Nov 03, 2021

New in-person help now available to make “overwhelming” aged care system easier to navigate

In-person aged care advice

From the numerous channels of information and options, many have felt overwhelmed at the task. 

The announcement of in-person help has come as a relief for many seeking to find the vital information needed to choose the best aged care journey for them.

Help at hand

Commencing this week, trained aged care personnel will be ready in-person, across 15 locations throughout Australia, to assist older Australians journey through the aged care system. 

Those who have been attempting to figure out the complexities of the My Aged Care website will soon be able to meet with support staff for in-person assistance. 

Speaking to the feedback he has received from constituents, Health Minister Greg Hunt commented, “Planning for aged care can be overwhelming for many senior Australians and their families.” 

He continued, “The new My Aged Care face-to-face service allows seniors and their representatives to sit down with a service specialist and talk through their aged care needs.” 

Helpful answers in an accessible way

The new in-person program has been created to assist older Australians access the information and services necessary for their particular needs. 

Whether those needs are services in their homes or understanding the different residential aged care facility options, personnel will be able to engage with the specific questions. 

The new program has also been created to streamline the connection to local support, interpreters, advocates and social workers. 

Expansion planned

From a starting point of 15 locations, the program is set to increase to 80 by December 2021. Sites will be found in the metropolitan areas of Melbourne, Sydney, Adelaide, Darwin, Perth and Launceston.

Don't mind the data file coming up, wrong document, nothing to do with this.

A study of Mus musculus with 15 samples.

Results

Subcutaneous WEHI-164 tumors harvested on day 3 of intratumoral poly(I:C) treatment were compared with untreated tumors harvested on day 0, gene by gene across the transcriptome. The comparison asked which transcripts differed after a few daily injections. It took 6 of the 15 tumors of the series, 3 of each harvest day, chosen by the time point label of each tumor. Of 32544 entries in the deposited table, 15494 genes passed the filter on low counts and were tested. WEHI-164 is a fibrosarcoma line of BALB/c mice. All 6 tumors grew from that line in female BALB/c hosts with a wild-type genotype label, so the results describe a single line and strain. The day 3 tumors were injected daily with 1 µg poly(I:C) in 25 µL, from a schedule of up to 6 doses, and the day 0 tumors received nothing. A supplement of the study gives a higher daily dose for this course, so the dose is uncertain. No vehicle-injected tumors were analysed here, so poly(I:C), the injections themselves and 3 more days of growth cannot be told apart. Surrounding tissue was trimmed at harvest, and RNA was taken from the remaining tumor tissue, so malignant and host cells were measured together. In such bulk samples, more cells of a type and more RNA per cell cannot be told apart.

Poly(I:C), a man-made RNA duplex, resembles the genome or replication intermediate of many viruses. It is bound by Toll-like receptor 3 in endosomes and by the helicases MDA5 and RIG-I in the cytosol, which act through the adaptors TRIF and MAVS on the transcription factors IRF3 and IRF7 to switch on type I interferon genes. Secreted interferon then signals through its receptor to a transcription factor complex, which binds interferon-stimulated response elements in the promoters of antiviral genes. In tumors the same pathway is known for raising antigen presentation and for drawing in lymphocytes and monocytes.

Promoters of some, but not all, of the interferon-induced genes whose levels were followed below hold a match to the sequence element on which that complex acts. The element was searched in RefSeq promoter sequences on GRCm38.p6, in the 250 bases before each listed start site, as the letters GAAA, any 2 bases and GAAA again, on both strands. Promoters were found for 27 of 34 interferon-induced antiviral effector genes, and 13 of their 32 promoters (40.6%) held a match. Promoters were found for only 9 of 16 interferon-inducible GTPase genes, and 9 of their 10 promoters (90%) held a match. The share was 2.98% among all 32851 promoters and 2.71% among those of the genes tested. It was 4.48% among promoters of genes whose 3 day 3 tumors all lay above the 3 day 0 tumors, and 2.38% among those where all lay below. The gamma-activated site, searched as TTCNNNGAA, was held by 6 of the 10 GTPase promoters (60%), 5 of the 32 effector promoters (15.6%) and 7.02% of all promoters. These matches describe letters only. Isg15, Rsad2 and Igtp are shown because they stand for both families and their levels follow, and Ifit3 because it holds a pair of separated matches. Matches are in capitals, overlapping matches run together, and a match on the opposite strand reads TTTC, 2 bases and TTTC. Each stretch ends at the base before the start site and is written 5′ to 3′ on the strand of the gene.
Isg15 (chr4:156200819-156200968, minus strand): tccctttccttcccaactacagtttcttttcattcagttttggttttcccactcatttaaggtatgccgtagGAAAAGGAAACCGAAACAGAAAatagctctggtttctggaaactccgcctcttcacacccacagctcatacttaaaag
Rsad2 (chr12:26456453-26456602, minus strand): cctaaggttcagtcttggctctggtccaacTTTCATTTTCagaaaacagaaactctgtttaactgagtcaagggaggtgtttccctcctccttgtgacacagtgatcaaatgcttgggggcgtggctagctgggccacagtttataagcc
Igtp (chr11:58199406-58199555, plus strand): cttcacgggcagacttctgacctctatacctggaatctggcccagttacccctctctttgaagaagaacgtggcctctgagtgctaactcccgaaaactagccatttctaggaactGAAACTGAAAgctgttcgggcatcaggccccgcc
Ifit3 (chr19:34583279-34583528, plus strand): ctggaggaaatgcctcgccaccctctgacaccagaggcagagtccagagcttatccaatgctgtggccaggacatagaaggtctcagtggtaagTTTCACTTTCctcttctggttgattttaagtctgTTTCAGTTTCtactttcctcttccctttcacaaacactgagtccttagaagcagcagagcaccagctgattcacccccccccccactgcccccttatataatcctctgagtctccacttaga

Covering further afield has been directed by planners with additional sites in Woden in the ACT, as well as Coffs Harbour, Wallsend and Orange in regional NSW, Townsville in Queensland and Shepparton in Victoria. The Gold Coast and Sunshine Coast will also have sites to serve older Australians seeking answers in-person. 

Commenting on the experiences of many older Australians, Richard Colbeck, Senior Australians and Aged Care Services Minister, said recent trials displayed “how important it is to offer a face-to-face service”. 

“That support has been very well received, with more than 100,000 people getting help to understand, engage with and access the aged care system.”

No one to fall through the cracks

Touching on work still to be done, Mr Colbeck spoke of continuing trials to further assist isolated older Australians by utilising personnel in local community services and organisations. 

“Alongside the introduction of the My Aged Care face-to-face service, we are extending the navigator trials with a greater focus on individual and intensive support from staff in local community organisations for isolated clients who could otherwise fall through the cracks when trying to move through the system.”

    I am part of the aged care navigator trials and the positive results have been very satisfying to the older population and the practitioners involved.